Good Question #2: Are Bills Too Hard to Read

Elmer's second question comes from a Politico article about the complexity of the healthcare bill. Elmer challenges me to intepret this paragraph, which is part of the Politico story and was supposedly taken from the bill:

(a) Outpatient Hospitals – (1) In General – Section 1833(t)(3)(C)(iv) of the Social Security Act (42 U.S.C. 1395(t)(3)(C)(iv)) is amended – (A) in the first sentence – (i) by inserting “(which is subject to the productivity adjustment described in subclause (II) of such section)” after “1886(b)(3)(B)(iii); and (ii) by inserting “(but not below 0)” after “reduced”; and (B) in the second sentence, by inserting “and which is subject, beginning with 2010 to the productivity adjustment described in section 1886(b)(3)(B)(iii)(II).

It's incomprehensible unless you have a copy of Section 1833 of 42 USC 1395, obviously. (rimshot)

Actually, what's going on here is that we're looking at we're looking at the "legislative language" of the bill. Here's an article that explains the difference. When the committees debate the bill and amendments, they debate a human-readable text that explains what's going on with the bill. Then lawyers translate that to language that amends current law, and we get word salad like the paragraph above.

So, I don't know what that paragraph means. But I'm pretty sure that it was debated in plain language by the appropriate committee before it got translated into legalese.

One thing I do know is that the legislative process has gone on this way for a hell of a long time, it's disingenuous for John Boehner to bitch about it, and a lawyer like Tom Reed is better-equipped to understand it than the average person.


"It's incomprehensible unless you have a copy of Section 1833 of 42 USC 1395, obviously" and apparently you also need a copy of Social Security Act (42 U.S.C. 1395(t)(3)(C)(iv) and and a copy of section 1886(b)(3)(B)(iii)(II) - pretty heavy reading for only one paragraph out of a 2,000 page document. But hey, maybe I'm just slow.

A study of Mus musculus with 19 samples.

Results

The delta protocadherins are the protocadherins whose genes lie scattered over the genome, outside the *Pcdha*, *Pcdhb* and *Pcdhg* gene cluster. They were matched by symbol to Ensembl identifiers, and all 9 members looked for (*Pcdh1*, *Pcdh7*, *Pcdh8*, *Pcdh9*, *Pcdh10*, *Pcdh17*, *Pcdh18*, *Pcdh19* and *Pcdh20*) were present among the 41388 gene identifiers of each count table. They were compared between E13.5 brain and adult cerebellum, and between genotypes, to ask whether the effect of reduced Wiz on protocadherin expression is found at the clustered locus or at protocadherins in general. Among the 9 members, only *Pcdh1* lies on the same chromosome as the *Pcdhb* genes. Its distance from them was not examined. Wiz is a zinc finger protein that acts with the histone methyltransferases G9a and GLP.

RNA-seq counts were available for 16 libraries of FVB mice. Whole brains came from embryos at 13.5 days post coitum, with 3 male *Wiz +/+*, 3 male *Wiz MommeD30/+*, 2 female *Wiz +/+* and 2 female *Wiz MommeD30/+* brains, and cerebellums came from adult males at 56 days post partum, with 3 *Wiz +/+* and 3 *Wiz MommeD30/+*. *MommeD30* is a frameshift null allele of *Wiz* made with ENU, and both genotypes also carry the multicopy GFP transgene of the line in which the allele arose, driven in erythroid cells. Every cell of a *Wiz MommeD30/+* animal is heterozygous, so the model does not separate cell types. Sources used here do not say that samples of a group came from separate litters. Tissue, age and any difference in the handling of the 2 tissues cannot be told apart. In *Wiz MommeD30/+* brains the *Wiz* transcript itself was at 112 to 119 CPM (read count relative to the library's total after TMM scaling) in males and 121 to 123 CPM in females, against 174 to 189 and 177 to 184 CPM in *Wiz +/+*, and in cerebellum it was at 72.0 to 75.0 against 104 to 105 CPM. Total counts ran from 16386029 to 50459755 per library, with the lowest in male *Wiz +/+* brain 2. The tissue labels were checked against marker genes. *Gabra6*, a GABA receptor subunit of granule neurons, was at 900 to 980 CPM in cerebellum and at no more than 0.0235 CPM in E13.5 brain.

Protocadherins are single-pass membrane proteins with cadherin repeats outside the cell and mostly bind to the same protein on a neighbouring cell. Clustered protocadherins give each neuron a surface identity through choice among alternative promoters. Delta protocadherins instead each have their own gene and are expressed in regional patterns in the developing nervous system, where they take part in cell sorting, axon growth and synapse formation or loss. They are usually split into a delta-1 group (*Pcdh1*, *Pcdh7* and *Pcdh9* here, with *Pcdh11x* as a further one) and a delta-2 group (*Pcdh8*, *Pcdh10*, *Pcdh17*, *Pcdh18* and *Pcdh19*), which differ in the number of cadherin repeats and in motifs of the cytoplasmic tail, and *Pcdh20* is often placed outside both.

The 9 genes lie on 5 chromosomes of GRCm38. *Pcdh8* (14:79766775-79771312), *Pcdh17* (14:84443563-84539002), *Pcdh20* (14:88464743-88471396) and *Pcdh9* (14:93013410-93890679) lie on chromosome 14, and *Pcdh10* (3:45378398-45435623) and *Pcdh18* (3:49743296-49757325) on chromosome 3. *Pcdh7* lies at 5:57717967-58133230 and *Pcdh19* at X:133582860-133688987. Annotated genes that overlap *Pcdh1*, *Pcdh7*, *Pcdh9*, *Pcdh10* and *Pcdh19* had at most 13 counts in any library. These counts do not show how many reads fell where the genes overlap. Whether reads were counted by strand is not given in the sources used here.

Yeah, I was trying to make a joke -- it's totally incomprehensible unless you have 5 or 6 law volumes.

I just think it's silly for John Boehner to all of a sudden care that we have tough-to-read legistlation.

But the point is, and probably always has been, how can you expect a member of congress to truly understand this crap? It is especially important with health care.

What is viewed by Congress people is in all likelihood a marked up version - changed sections highlighted by bars in the margins, old text crossed out, new text underlined, etc.

These have been standard features of word processing software for a long time.

I don't buy it - my guess is that all too many of our congressional reps have no idea what it all really means

I'll agree with that, but they do have staffs with specialists in different issue areas. And Congress has been passing multi-thousand page legislation for years and we've survived.

Then maybe we should know a little bit about their staffs. Can you report on the people translating this stuff for Eric?

I don't know his DC staff.

I'm hoping to make it to the next press conference -- if I do, I'll ask about this, because it is an interesting topic.

Thank you

Bunning of KY wanted the Baucus committee to postpone discussion of their health bill until the bill was put into legislative language.
Do you imagine that he could have made sense of it?
Instead they did what that committee always does, debate the issues in English and then give their decisions to staff to be put into legal language.

Being surprised by the result is like suggesting that a bill is better just because it is several pages long instead in 1000 pages long.
The Boehner health care proposal was shorter because it did not do anything useful.

A short English language bill hands the writing (or interpretation) of the bill over to the courts.

The recent proposal that was best at being short and comprehensible was Paulson's proposal to shore up financial markets:
Congress would give him vast amounts of money and he only would decide how it would be spent and his decisions would be final,
no court or other officer of the government could countermand his decisions.
The only good thing that I can think to say about the proposal is that he may have meet the other members of the Bush administration and knew better than to let them get involved.

Why is it now that Politico and friends are raising the issue of legislative language? Where have they been for the last eight years, or 30?